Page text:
Richard Brenneman of the Berkeley Daily Planet surprised me at work recently with a phone call, wanted to discuss blogging for a piece he was working on. We had a meandering conversation for twenty minutes or so. Talked about blogging as a general phenomenon, about the kinds of sites the J-School is driving out of Movable Type, and about Berkeley blogs in particular. Talked about birdhouse a bit. When the article ran, (mirrored at City of Berkeley) I was amazed to see that he had devoted several column inches (are there such things as column inches on the web? what if you resize the browser window?) to birdhouse.
Hacker runs one the city’s most sophisticated personal blogs …
Whoa! Generous complement, but I’d hardly describe this random, free-for-all braindump style as “sophisticated.” It was weird to see some of the ways that bits of what I thought were casual conversation became factoids in the piece, like my comment on LiveJournal’s largely teen audience still counting as blogging.
My strongest quibble was with definition: I had said that I agree with Rebecca Blood in saying that the only core defining characteristic of the weblog is “reverse chron via automated publishing tools.” Brenneman re-quoted “reverse chron” as “chronological order,” which I felt was a reversal of meaning (he said in a later exchange that he felt that context made the meaning clear).
He did dig up a very nice cross-section of Berkeley Blogs, though one could of course point to lots of great East Bay blogs he missed (and to be accurate, birdhouse isn’t based in Berkeley, despite my workplace).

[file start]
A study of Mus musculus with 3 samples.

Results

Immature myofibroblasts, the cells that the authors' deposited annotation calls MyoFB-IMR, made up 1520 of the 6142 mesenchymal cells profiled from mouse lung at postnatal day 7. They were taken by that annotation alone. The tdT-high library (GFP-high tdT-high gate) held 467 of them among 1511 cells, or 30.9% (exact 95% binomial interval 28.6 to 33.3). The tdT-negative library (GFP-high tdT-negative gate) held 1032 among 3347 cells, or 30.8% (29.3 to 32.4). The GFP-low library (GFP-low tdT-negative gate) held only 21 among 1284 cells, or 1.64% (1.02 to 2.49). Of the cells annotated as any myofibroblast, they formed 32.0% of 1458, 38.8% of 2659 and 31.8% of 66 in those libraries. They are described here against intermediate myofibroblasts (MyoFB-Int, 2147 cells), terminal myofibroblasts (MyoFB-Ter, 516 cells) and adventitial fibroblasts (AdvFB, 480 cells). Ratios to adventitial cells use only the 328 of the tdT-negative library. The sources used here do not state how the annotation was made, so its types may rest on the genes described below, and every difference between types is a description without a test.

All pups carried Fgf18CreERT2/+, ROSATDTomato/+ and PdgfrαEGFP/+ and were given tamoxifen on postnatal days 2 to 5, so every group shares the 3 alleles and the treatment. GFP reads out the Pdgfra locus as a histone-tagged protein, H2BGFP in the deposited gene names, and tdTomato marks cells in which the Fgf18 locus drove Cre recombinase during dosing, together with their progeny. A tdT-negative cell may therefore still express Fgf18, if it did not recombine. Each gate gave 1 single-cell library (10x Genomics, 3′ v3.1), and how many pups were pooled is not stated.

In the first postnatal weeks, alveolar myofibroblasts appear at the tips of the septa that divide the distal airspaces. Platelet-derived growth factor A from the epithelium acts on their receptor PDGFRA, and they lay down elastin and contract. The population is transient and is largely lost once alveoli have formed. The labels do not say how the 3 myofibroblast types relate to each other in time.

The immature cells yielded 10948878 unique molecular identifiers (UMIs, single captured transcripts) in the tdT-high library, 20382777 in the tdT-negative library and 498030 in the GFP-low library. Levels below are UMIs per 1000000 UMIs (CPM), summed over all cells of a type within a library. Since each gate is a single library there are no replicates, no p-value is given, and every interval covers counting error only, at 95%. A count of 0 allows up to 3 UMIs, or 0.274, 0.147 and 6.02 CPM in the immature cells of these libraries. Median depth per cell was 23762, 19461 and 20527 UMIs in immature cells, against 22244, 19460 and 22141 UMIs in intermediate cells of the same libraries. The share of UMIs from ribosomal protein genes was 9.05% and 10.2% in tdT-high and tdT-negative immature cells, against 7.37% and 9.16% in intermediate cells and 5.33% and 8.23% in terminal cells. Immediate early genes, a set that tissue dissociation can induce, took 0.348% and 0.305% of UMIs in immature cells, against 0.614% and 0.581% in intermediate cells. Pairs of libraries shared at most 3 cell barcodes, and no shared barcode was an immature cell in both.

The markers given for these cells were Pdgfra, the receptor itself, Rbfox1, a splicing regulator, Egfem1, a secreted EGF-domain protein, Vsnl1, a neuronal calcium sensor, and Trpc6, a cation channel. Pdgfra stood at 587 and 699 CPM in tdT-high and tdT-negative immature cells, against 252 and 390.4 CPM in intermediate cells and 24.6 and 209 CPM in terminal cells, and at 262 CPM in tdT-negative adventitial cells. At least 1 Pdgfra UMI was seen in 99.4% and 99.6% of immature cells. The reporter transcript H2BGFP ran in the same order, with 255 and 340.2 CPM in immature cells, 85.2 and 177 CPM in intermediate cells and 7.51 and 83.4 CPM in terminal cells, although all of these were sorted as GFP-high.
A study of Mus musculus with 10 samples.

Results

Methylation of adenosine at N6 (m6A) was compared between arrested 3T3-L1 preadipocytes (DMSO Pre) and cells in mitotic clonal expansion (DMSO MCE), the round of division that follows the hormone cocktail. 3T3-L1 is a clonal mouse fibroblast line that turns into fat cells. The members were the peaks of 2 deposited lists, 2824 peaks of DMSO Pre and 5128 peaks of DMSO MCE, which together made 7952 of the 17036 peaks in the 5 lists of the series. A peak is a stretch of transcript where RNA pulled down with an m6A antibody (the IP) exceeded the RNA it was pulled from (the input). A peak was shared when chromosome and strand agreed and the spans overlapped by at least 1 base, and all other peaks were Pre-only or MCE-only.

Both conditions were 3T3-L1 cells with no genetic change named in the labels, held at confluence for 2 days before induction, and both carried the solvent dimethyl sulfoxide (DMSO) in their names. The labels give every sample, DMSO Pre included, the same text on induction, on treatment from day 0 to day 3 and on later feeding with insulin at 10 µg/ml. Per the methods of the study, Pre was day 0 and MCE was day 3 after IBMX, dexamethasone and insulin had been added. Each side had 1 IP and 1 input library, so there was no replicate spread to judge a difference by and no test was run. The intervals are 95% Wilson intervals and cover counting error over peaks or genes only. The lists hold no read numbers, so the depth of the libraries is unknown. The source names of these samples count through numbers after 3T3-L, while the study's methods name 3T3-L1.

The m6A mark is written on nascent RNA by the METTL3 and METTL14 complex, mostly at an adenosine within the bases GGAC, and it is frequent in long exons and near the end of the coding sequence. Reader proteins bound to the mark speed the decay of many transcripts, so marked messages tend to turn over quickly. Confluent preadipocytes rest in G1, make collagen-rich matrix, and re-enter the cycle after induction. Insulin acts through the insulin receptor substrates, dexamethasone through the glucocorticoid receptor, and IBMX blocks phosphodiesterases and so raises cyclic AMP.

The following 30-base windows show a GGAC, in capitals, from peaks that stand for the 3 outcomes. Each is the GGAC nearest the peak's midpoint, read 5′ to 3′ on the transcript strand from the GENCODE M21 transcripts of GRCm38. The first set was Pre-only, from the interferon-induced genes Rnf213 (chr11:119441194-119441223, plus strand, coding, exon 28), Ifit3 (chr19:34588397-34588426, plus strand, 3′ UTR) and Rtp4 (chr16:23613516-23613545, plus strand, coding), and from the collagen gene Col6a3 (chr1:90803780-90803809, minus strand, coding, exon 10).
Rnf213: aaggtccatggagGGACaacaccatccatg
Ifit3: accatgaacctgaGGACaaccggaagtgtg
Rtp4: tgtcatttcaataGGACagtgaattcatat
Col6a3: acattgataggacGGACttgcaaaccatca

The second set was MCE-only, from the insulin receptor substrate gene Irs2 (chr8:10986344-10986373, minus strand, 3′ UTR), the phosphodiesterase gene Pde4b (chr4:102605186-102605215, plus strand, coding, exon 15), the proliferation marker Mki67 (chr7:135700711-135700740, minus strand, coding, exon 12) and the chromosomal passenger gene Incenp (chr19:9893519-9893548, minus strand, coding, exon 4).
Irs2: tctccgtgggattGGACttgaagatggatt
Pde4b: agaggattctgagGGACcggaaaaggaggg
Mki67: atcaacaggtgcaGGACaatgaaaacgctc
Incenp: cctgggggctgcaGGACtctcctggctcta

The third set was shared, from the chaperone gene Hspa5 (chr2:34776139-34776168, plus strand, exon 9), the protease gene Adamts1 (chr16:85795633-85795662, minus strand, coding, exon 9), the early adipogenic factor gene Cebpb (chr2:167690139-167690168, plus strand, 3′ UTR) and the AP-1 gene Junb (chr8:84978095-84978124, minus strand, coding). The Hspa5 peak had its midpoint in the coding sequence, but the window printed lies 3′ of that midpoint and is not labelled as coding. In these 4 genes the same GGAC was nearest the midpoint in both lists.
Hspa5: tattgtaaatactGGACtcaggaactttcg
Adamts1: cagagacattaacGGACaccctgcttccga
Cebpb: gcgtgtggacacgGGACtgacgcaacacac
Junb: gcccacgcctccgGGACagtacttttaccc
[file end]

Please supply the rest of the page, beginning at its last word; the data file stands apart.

4 Replies to “Daily Planet on Berkeley Bloggers”
“Reverse chron” is still chronological order, just like sorting Z-A is still alphabetical order. “Sorted by subject” or “sorted by title” or “sorted by whim” would be true opposites of “reverse chron”.
There are also a couple of blogs that sort days by reverse chron, but posts by forward chron — so multiple posts in one day sort forwardly, but the days read backward. Can’t remember where I saw this, but I saw it.
I understand Richards need to define the term blog for the sake of newbies, but why so many bloggers feel it is important to create a definition drives me nuts. I think the definitions begin to stiffle what people do with their blogs.
It seems 99% of blogs are nearly indistinguishable. The 1% that interest me have little resemblance to any blog definition I have ever read.
ah, journalism. A fine example of exhaustive investigative reporting, consisting of one phone call to you, never tracking down Paul, and an hour on the web. Not that I knock your credentials, you know wherof you speak, but you could have fed him just about any line and it would become the BDP gospel, for that day. Guess it’s just good you weren’t misquoted.
I find it kind of fascinating that the city of Berkeley mirrors so much of the BDP content.
Not that I’m feeling cynical today.
though it’s true that most weblogs are created via automated publishing tools, you’ll never hear me argue that as a necessary part of the definition: I still update my own site by hand.